Big buildings use a lot of energy. In New York City, they wanted to know exactly how much, and so, since 2010, buildings have been required by law to provide this information. Now they have put it all into a big spreadsheet and some of the numbers are really surprising. For example, a LEED gold certified building like 7 World Trade Center gets an Energy Star rating of 74, which is below the minimum of 75 that the EPA sets for a building to be called high-efficiency.
Architect and author Witold Rybcznski discussed this issue on his blog in provocatively titled post called LEED Lies. He writes, "I always suspected that this was more about announcing 'I am a green building' than about actually conserving energy." Rybcznski also wonders about all that glass:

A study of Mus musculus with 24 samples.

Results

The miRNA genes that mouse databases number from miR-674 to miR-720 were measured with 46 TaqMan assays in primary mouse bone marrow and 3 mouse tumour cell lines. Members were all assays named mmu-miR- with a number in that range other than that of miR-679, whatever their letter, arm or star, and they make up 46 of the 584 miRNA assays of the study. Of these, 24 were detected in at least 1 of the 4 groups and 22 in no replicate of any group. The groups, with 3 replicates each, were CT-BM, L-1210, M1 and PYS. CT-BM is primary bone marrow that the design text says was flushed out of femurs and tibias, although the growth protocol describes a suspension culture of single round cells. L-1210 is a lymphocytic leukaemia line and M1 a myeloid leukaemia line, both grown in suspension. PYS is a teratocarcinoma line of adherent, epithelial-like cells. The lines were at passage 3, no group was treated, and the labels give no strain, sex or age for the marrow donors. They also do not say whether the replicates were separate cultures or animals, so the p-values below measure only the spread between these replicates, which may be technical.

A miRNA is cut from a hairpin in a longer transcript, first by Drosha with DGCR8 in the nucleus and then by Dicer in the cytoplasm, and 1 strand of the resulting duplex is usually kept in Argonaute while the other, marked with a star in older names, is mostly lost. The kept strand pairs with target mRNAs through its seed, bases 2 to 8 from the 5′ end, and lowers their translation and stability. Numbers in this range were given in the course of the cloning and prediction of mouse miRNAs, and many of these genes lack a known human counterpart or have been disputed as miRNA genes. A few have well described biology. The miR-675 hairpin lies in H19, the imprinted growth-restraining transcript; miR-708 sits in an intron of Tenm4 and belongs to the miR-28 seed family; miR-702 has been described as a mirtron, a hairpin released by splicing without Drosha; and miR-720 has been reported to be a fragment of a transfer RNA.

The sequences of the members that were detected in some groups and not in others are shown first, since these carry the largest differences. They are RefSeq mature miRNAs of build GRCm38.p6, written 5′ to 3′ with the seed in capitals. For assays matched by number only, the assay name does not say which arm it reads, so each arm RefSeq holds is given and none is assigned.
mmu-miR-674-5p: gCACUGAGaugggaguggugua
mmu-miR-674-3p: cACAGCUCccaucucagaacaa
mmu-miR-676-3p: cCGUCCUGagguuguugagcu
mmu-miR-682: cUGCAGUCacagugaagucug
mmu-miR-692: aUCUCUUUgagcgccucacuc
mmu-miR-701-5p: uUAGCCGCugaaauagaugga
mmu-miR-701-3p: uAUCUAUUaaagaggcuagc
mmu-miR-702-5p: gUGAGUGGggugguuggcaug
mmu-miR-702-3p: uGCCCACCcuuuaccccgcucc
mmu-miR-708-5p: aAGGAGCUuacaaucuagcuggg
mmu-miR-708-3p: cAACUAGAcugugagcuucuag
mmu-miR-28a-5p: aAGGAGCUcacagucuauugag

Why are so many LEED-certified buildings all-glass? It seemed to defy logic. After all, no matter how much you can reduce artificial lighting by using daylight, the insulation value of glass is negligible compared to solid insulated walls, and anyway there are many overcast days and dark winter afternoons.
While I agree with Witold about the glass,and have said so before, I take issue with the LEED-bashing. I am not a LEED fanboy, but I do like the fact that it measures more than just energy use. I don't think Witold would be happy designing and writing in a building with no windows and minimal fresh air, but I bet the space could get a terrific Energy Star rating.
It is great to see that restored older buildings like the Empire State Building and the Chrysler Building prove to be so energy efficient -- at 80 and 84 points, respectively -- and shocking to see that the Seagram building does so badly at just 3. The New York Times notes:
The biggest drain could be the International-style landmark’s most lauded features. The Seagram’s single-pane glass curtain walls, far less efficient than treated or double-pane windows, and its luminous fluorescent ceilings work against energy conservation.
Looks like they still have some work to do.